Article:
In recent weeks, the headlines say it all. Law firms are doing everything possible to minimise the economic downturn and the ongoing financial woes created by the COVID-19 pandemic.
How’s that playing out? Law firms and other legal service providers are cutting salaries and benefits, reducing staff working hours, freezing discretionary spending, cancelling summer associate programs, furloughing portions of the workforce, and even reducing partner draws.
And then there are the layoffs — that tactic of last resort that changes everything and fixes nothing — in particular, profitability. Granted, some law firms were in precarious situations even before the lockdowns. However, there are plenty that can survive the downturn provided those firms have the right focus.
But just what does that mean? While law firms can force a short-term gain through a reduction in headcount, the more prudent long-term approach to firm profitability relies on a client- and people-centric strategy.
It’s in the ROI
During this crisis, it is more important than ever that law firms create value for their clients and demonstrate that value to their clients. Consequently, in order to meet its client’s expectations, law firms must have the insight and input from a variety of business professionals. These roles were important in the past; now, they are critical.
Specifically, the legal operations professionals in any law firms include:
- pricing team members
- legal project managers
- practice group directors
- knowledge management experts
- data analytics experts
- business intelligence professionals; and
- innovation and value professionals.
As tempting as it may be, you cannot disinvest your way to long-term profitability. Clearly, now is not the time to cut back on your business professional team and suspend your mission-critical projects. These professionals, and the work that they do, are not simply nice-to-haves. If you want your firm to maintain profitability, market position, and competitive advantage through this crisis, these things are mandatory.
Before the current crisis, business professionals have created an amazing return on investment (ROI) for their firms. They will continue to do so as we advance into the “new normal.” In a large law firm, for example, it is not uncommon to see value generation accrue from areas such as:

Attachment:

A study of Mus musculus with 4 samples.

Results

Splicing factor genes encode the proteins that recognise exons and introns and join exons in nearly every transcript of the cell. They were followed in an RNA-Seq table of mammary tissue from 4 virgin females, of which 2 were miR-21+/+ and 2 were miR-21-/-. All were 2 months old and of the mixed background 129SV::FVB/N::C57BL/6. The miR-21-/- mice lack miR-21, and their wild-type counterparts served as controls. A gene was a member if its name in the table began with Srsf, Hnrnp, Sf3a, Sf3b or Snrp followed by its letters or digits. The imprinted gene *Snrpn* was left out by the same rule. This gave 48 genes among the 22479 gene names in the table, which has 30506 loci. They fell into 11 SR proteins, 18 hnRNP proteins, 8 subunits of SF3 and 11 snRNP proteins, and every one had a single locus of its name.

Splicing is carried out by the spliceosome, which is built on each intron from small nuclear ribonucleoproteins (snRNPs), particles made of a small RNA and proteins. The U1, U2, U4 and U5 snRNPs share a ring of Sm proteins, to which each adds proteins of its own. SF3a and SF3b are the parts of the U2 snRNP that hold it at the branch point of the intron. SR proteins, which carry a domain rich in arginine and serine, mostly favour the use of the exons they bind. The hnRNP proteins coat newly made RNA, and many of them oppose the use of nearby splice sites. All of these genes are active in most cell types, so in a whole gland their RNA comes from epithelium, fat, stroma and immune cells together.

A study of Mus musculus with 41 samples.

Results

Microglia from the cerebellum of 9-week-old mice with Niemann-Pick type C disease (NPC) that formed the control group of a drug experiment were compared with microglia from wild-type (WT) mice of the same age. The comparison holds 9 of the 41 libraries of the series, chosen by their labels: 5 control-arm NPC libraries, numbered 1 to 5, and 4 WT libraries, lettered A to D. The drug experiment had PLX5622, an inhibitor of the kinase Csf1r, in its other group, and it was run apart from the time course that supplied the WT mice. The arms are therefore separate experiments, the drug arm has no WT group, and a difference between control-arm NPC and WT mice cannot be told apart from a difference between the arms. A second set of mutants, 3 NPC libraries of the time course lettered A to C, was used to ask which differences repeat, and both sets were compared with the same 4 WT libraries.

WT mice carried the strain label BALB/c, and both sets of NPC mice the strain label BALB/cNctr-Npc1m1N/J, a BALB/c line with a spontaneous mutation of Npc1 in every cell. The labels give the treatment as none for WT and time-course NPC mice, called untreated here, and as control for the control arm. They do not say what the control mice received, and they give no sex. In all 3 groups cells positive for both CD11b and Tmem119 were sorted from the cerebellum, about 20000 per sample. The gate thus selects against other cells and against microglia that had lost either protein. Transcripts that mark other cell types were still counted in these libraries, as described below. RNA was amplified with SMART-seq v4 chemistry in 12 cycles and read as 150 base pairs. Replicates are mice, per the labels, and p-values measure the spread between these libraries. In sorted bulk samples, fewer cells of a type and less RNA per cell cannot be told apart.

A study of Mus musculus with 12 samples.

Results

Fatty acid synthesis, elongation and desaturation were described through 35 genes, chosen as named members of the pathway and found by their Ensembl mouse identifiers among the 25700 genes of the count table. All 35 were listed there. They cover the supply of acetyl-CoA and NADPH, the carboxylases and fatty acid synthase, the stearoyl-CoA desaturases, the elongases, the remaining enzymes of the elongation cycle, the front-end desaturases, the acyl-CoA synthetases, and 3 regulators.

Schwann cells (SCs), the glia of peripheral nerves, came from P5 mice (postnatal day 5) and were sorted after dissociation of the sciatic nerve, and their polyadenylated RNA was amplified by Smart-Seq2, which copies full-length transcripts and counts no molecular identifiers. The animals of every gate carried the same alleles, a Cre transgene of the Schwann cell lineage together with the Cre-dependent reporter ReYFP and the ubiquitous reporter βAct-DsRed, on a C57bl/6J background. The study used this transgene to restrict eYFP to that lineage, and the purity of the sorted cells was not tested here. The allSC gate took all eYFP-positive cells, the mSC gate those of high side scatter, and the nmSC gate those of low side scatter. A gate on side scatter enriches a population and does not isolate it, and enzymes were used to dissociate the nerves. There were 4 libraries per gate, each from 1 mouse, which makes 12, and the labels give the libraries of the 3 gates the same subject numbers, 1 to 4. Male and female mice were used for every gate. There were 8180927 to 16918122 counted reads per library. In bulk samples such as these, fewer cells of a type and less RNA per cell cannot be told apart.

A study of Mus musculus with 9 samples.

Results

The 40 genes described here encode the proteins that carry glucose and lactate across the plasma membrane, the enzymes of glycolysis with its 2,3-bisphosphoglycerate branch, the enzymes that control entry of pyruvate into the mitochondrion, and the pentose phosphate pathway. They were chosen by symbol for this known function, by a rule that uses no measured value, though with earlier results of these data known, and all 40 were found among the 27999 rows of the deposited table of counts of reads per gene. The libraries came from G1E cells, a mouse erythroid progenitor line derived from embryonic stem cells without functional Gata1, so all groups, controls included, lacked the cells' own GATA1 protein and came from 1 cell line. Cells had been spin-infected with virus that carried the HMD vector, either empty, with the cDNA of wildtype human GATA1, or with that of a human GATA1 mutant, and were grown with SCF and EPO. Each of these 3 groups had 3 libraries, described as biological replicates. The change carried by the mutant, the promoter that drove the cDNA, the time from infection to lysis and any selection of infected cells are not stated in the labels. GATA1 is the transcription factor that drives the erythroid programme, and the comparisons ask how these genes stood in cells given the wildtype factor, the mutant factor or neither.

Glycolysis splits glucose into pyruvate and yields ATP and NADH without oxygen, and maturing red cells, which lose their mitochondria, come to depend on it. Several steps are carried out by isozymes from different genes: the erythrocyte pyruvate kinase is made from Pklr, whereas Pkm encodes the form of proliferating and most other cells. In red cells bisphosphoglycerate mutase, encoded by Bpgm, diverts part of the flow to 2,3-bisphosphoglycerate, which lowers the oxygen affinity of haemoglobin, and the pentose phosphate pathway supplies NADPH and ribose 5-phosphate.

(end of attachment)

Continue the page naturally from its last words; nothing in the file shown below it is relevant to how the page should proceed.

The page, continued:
- Precision Pricing — Pricing teams drive annual revenue improvements in excess of $50 million on average, just from informed rate setting and fee negotiations.
- Legal Project Management — Legal project management teams save their firms upwards of $10 million a year in write-downs and write-offs through better scoping and matter management.
- Smart Processes — Talent and practice group management teams enhance productivity (and morale) through better workflow, technology, timekeeping, and utilisation, as well as professional development tracks.
- Innovative Technology — Innovation or value professionals implement technologies that benefit the bottom line, whether through recouping lost time, enhanced productivity, or increasing client and talent retention.
These, too, are the levers a firm can use to differentiate itself and create a favorable position in a fiercely competitive marketplace now and especially once the crisis has passed. Indeed, it’s no surprise that clients are demanding more of their law firms, and that is likely to increase during this period of crisis and uncertainty. But just who will create the efficiencies that clients demand? That’s the role of the business professionals. They are critical to the most cost-effective delivery of legal services and increasingly important to achieve alignment with clients’ expectations.
Meeting Client Expectations
The expectations of many law firm clients can only be met today by the combination of i) the technical acumen of the lawyers; and ii) the operational and strategic expertise and insight of the business professionals. Exceptional client service requires both, not just the lawyers alone.
“Already the vast majority of modern corporate law departments employ legal operations professionals to run the law department and push efficiencies from their outside counsel. These legal operations professionals expect that the law firms they hire will have legal operations professionals, as well. Their role is to ensure that the department’s legal matters are priced appropriately, managed well, and handled efficiently”– Susan Raridon Lambreth, Consultant – Legal Profession, Legal Executive Institute
Any law firm negotiating for such work is be handicapped without similar legal operations professions on its side. Imagine a scenario in which a legal operations professional of one of the firm’s top clients looks to lean into his or her relationship with the firm’s pricing, legal project management, or client value leaders to collaborate on how to best partner through this tough period, but instead learns that the position has been eliminated. What message does that send about the firm’s commitment to delivering exceptional service and value?
While some firms are downsizing, other firms are recognising that their business professionals are crucial voices in not only designing strategies and roadmaps for effectively weathering the current crisis, but also for using the “pandemic pause” to implement powerful solutions and strategies for long-term competitive advantage.
This article was written by Susan Raridon Lambreth, Consultant to the Legal Profession for Legal Executive Institute, a Thomson Reuters publication.